May 03, 2007


I don't find UMA this exciting at all! I do think WiFi and SIP is a much better solution... for the user at least, not so much for the operator!

Marc Abrams

There are several UMA-enabled phones each from Nokia, Samsung, Motorola, as well as from ODMs like Chi Mei, Benq and others. These are more like low to medium priced feature phones using embedded operating systems like Nucleus or RTEMs than high-end smartphones like the Nokia E61 or Samsung SGH-i600 (not the Blackjack) that run "open" operating systems like Windows Mobile or Symbian S60 r3. The memory footprint and processor speeds of these UMA-enabled phones are optimized for cost, not performance or flexibility. The bottom line is that one should not expect to run Skype or a SIP client on these handsets.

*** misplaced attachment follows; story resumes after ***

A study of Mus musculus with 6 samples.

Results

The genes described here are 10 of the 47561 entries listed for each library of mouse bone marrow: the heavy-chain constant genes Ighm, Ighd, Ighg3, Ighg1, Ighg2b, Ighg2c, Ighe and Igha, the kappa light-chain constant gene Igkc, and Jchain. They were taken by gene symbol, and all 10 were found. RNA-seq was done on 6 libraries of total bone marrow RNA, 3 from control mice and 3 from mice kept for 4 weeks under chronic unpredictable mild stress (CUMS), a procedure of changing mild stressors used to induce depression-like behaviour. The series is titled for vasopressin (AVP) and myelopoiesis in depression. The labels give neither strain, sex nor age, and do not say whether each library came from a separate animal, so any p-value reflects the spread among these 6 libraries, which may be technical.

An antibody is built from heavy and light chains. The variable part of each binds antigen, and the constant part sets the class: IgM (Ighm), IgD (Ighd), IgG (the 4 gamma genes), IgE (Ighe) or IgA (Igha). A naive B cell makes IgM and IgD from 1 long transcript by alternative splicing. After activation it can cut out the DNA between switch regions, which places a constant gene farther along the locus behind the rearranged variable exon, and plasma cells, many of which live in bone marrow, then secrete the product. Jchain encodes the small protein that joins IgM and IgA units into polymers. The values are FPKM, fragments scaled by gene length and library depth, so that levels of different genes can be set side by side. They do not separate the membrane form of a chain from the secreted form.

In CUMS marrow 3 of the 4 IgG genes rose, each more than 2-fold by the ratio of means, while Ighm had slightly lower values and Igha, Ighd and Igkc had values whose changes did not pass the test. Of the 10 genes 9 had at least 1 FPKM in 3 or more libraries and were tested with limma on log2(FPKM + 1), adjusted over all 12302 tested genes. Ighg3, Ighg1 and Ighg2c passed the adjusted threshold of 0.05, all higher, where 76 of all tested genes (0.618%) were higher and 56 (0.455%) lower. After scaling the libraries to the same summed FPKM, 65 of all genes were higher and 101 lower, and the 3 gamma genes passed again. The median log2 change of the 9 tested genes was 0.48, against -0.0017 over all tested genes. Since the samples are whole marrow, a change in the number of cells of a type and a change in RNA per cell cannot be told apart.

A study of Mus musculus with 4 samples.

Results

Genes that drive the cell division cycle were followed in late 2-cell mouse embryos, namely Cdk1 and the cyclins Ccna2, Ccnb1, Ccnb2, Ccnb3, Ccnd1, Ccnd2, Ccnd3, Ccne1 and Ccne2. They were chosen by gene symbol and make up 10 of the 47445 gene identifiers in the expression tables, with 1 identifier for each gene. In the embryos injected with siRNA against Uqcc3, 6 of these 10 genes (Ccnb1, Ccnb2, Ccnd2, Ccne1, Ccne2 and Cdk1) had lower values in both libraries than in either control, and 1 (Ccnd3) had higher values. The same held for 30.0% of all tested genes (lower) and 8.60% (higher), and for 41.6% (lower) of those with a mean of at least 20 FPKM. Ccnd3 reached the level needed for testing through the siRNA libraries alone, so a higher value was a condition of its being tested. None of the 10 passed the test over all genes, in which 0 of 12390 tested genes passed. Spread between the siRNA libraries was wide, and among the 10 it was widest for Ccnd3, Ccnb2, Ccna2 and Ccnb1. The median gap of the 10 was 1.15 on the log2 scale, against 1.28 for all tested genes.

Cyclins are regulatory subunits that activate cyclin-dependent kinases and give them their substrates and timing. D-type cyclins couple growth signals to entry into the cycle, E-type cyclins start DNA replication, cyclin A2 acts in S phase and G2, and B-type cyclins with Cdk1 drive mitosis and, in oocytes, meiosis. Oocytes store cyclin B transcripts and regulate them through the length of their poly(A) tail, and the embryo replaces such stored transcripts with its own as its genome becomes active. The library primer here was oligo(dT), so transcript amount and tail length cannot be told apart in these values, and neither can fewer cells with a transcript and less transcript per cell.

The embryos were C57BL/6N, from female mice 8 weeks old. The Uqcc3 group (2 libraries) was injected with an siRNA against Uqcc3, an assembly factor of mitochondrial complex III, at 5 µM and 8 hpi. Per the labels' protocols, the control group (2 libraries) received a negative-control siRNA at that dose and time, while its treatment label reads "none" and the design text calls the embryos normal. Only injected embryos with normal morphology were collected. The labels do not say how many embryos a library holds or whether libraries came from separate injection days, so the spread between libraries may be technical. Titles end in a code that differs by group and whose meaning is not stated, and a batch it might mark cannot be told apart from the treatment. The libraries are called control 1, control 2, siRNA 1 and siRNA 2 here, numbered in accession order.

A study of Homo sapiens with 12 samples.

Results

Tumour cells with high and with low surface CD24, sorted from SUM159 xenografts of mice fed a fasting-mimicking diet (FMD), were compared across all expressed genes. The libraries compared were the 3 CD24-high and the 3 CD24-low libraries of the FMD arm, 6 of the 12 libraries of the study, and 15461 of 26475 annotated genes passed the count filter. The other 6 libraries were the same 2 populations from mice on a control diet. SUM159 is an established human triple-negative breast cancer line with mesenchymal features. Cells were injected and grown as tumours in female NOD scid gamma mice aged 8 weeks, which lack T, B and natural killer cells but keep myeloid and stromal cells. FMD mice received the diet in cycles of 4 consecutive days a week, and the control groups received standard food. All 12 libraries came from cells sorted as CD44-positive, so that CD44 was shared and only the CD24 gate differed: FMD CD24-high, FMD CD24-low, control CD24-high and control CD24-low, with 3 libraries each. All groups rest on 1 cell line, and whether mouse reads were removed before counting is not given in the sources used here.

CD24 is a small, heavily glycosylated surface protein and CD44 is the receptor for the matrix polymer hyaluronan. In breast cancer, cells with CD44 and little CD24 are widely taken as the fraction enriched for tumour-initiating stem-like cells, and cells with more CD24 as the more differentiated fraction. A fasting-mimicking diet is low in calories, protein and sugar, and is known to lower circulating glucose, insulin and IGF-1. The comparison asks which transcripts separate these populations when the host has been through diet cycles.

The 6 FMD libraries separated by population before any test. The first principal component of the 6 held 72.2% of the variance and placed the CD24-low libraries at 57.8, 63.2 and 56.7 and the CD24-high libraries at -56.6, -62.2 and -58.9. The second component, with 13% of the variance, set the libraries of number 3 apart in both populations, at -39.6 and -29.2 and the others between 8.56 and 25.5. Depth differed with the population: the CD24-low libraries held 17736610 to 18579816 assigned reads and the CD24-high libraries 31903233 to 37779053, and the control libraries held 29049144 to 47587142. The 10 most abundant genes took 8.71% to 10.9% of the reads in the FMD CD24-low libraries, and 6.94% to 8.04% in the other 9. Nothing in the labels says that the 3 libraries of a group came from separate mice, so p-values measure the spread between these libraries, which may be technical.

UMA is essentially GSM and GPRS over WiFi. T-Mobile and other service providers are taking advantage of the fact the customer already is paying for Broadband and have a WLAN.

That being said, the benefit to the end customer-- the user-- are excellent: in-building coverage is great and that services they might normally not use, such as downloading ringtones, video or music, work much faster at 11MB/s than at 46KB/s and are now a lot less painful to use.

Ricky Cadden

This is something that I think is awesome. For starters, T-mobile's UMA will give them a much-needed boost as far as competing in the US mobile phone arena.

Also, it will (hopefully) prompt more manufacturers to add UMA capabilities to their wifi-enabled cellphones. Why it's not already standard is beyond me. I suppose because it's not a readily available service.

I'm excited to see this take off and more UMA phones hit the market.